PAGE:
Cooperation and coordination as a centerpiece to tackle the congestion in the European airspace
Klaus-Dieter Scheurle, CEO of DFS, shares his perspective on how his organisation is tackling the capacity challenge of 2019 in one of Europe’s busiest and densest airspaces.
The airspace in Europe has been busy again in the summer of 2019 as air traffic continues to grow. More than 37,000 flights were controlled on a single day across Europe on 28 June, more than ever before. And almost one third of these flights were led through German airspace. Because of its central location, it is one of the most densely operated regions in Europe.
That’s why DFS has also reached a new peak. In the first six months of this year, our air traffic controllers controlled over 1.6 million flights in the airspace over Germany – that is 1.3 percent, or about 21,000 flights more than in the same period last year.
While continuous traffic growth in 2018 led to congestion, the situation in Germany’s skies is now appreciably better than in the previous year. In an industry-wide initiative, airlines, airports and DFS have acted to tackle these inefficiencies. Airlines have streamlined their schedules and made available additional aircraft, airports have hired more ground personnel and created more space for security checks, and air traffic control has deployed more staff. Thus, the aviation stakeholders have tackled the very significant challenges of increased traffic this summer largely on their own. In addition, policy makers are planning changes to the regulatory framework to enable further improvements in the long term.
To ensure that all flights arrive at their destination without delay, the air navigation service providers in Europe have made their contribution. Having joined forces with the control centres in France, the Netherlands and the United Kingdom in 2018 to relocate traffic from heavily congested upper airspace to lower airspace, this initiative has been extended to almost all European air navigation service providers in 2019.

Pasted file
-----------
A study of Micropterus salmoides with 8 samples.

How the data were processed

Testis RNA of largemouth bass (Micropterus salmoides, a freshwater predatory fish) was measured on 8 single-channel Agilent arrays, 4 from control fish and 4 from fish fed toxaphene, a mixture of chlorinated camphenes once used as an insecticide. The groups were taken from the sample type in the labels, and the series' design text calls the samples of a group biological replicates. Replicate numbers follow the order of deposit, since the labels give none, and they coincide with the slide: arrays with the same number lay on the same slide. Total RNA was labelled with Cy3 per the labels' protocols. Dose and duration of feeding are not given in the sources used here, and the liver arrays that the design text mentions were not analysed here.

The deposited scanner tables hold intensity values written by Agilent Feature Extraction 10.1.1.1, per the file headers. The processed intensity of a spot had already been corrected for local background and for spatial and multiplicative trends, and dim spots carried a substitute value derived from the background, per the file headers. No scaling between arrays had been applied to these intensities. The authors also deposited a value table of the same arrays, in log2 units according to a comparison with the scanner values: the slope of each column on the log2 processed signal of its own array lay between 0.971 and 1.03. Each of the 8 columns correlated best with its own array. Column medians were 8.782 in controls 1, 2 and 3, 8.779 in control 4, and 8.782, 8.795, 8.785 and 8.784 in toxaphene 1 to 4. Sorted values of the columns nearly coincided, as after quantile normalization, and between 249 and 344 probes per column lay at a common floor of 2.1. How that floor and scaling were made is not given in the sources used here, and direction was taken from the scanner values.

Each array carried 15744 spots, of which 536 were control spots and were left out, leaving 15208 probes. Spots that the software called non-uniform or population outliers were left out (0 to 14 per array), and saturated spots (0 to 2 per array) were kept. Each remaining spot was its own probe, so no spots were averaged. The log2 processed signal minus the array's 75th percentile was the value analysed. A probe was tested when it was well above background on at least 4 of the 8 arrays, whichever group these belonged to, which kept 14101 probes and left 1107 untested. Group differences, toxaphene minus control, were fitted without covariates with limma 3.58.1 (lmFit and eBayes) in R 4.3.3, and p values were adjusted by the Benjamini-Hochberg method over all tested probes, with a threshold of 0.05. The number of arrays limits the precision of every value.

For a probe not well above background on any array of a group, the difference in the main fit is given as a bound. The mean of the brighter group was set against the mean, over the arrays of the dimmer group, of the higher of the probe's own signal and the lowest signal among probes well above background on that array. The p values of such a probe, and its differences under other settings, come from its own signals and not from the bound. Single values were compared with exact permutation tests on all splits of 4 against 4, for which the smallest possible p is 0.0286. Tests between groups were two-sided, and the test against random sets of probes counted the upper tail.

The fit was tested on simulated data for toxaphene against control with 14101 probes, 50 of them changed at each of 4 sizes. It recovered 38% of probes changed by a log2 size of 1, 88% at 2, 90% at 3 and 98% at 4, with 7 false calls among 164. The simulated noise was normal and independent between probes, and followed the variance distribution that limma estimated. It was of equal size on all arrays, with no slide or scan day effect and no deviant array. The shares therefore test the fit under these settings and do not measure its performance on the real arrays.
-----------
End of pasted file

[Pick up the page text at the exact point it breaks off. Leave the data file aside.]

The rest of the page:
Under the coordination of the EU Network Manager, traffic in the summer months is now managed across borders in a way that avoids bottlenecks. This includes the lateral shifting of traffic flows to avoid congested sectors. Overall, the average delay per flight in European airspace dropped from 14.1 minutes in the first half of 2018 to 12 minutes in 2019. Just over one minute is lost per flight as a result of delays caused by European air navigation service providers, more than ten minutes are accrued for other reasons.
In addition to Europe-wide activities, DFS implemented numerous other measures in the run-up to the summer travel season to improve capacity in Germany. For example, the ‘fly as filed’ programme requires airlines to operate more closely aligned to their filed flight plans. Air traffic controllers now guide the pilots on the routes actually filed in the flight plan.
Significant relief has also been provided by a capacity and stabilisation pact negotiated with the social partner which creates incentives for air traffic controllers to take on voluntary additional shifts. The extra shifts are provided in particularly congested sectors where they dissolve bottlenecks and avoid delays. The extra shift scheme will only apply as long as it is needed. This will allow for more flexibility in the future to respond to traffic changes.
In addition, DFS has increased its training capacity for new air traffic controllers. By the end of 2019, 122 young people will have started their training at the DFS Academy. In 2020, the number of training places will be increased to 146.
The positive effect of these measures has already been apparent in the past summer months. In June, the delay caused by air traffic control in German airspace fell by a good 12 percent compared to the same month last year. In July in particular, punctuality improved significantly by around 40 percent. DFS also made progress in terms of route efficiency. In Germany, the deviation from the direct route was less than four kilometres per flight in the first half of 2019. That’s less than the length of the runways at Frankfurt Airport.
The most important task for DFS, however, is and remains safety. Our quality standards ensure that our guiding principle “Safety first”, which is absolutely crucial in aviation, is adhered to at all times.